Stories to Inspire #9: Flashdrives for Freedom

Stimulating civil society in North-Korea. Seems impossible?

agenda August 3, 2017

To disagree with – or come up with plans contrary to your government – is an important aspect of individual freedom. However, reaching North Koreans with this message seems almost impossible.

The citizens are cut of from outside information and do not have access to the internet. Impossible to reach? Not for the people of Flashdrives for Freedom! They found a way to send global information into North-Korea.

Flashdrives for Freedom is a cooperation between The Human Rights Foundation, Forum 280 and a group of North-Korean defectors who established civil society groups dedicated to sending information, culture, truth and knowledge back to their families, friends, and neighbors. They want to outsmart the censorship of the North Korean regime through smuggling flashdrives into the country. While the North Koreans do not have access to the internet, many do have phones or computers with a USB-entrance. Imported flashdrives are a connection to the world beyond the borders of North-Korea and one of their few opportunities to get non-propaganda input.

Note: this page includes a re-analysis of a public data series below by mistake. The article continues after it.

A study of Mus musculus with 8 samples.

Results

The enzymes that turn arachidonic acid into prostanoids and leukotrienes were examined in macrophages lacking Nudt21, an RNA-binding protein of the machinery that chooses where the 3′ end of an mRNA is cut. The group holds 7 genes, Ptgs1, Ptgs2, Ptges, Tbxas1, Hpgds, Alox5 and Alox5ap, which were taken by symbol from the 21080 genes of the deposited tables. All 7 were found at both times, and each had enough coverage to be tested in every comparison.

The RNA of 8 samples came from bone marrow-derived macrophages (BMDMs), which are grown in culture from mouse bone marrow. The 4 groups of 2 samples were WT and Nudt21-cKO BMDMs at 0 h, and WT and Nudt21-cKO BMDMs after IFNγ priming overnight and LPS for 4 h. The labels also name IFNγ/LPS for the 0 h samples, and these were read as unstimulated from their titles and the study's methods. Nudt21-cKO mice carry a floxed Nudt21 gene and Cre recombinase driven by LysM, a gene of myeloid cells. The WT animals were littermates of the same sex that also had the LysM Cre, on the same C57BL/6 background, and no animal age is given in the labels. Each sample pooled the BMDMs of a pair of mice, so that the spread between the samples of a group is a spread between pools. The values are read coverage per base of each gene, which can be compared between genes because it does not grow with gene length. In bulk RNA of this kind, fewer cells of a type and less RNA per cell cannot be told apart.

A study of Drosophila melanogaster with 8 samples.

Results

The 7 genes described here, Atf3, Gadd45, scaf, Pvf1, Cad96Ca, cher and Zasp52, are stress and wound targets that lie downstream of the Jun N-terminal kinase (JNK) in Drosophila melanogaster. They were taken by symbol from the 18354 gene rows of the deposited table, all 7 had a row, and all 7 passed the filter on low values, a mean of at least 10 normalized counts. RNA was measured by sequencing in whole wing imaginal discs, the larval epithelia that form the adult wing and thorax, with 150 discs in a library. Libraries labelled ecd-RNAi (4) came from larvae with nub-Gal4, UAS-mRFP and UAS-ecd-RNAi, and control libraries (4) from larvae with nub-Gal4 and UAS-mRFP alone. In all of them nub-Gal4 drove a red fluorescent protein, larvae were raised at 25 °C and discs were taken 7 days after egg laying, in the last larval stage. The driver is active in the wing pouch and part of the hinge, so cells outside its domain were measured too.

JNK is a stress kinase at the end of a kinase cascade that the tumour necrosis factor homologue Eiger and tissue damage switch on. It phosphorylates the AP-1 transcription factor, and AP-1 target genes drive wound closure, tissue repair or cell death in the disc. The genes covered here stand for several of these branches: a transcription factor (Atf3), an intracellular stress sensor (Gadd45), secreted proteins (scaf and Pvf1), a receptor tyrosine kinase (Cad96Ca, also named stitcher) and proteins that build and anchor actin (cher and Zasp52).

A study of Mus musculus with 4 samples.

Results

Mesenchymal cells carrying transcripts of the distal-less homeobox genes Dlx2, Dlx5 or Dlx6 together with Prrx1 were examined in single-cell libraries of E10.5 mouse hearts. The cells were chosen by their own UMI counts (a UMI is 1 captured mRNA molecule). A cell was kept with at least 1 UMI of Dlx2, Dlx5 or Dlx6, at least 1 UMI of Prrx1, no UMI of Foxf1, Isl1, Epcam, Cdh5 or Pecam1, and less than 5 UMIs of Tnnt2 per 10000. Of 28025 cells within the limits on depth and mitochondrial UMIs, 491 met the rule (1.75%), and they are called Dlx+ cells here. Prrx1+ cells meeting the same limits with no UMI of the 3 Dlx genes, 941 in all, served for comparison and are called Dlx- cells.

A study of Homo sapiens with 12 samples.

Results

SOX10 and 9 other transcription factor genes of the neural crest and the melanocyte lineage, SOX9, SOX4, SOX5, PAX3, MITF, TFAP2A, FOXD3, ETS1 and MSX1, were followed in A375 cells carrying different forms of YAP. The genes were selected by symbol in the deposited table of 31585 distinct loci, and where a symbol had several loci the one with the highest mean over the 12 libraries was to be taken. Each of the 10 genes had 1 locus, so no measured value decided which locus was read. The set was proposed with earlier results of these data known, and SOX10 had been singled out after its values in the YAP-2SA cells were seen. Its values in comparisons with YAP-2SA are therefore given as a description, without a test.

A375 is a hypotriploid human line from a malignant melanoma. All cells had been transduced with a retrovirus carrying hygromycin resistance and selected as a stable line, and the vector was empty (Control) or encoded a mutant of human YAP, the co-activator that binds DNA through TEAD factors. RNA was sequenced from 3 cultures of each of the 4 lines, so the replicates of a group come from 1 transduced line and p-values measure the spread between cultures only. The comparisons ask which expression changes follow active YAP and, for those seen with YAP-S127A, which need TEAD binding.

Flashdrives for Freedom

The activists avoid confirming the North-Korean propaganda, according which the Western world set the goal to destroy North Korea. Therefore the flashdrives do not contain political content. Rather the flashdrives are filled with a Korean translation of Wikipedia, South-Korean blockbusters or practical documentaries on business development or current global news.

People need to know what’s outside before they can start to revolt to their regime.

Even though distributing or consuming information from outside the country can lead to charges up 15 years in labor camps, Korean defectors and human rights activists continue their work. In 2016 ten thousand flashdrives got into North Korea. Some were dropped from airplanes, but most are smuggled past the Chinese-Korean border. The campaign to collect these ‘plastic pieces of peace’ had an amazing result. Up to twenty thousand flashdrives were donated, mostly by big companies. These were all emptied thoroughly and then it’s showtime! As Jim stated during the¬†Border Sessions¬†event: “People need to know what’s outside before they can start to revolt to their regime.” And that is how South-Korean blockbusters stimulate civic power.

Want to know more about civic power? Read our publication Activism, Artivism and Beyond.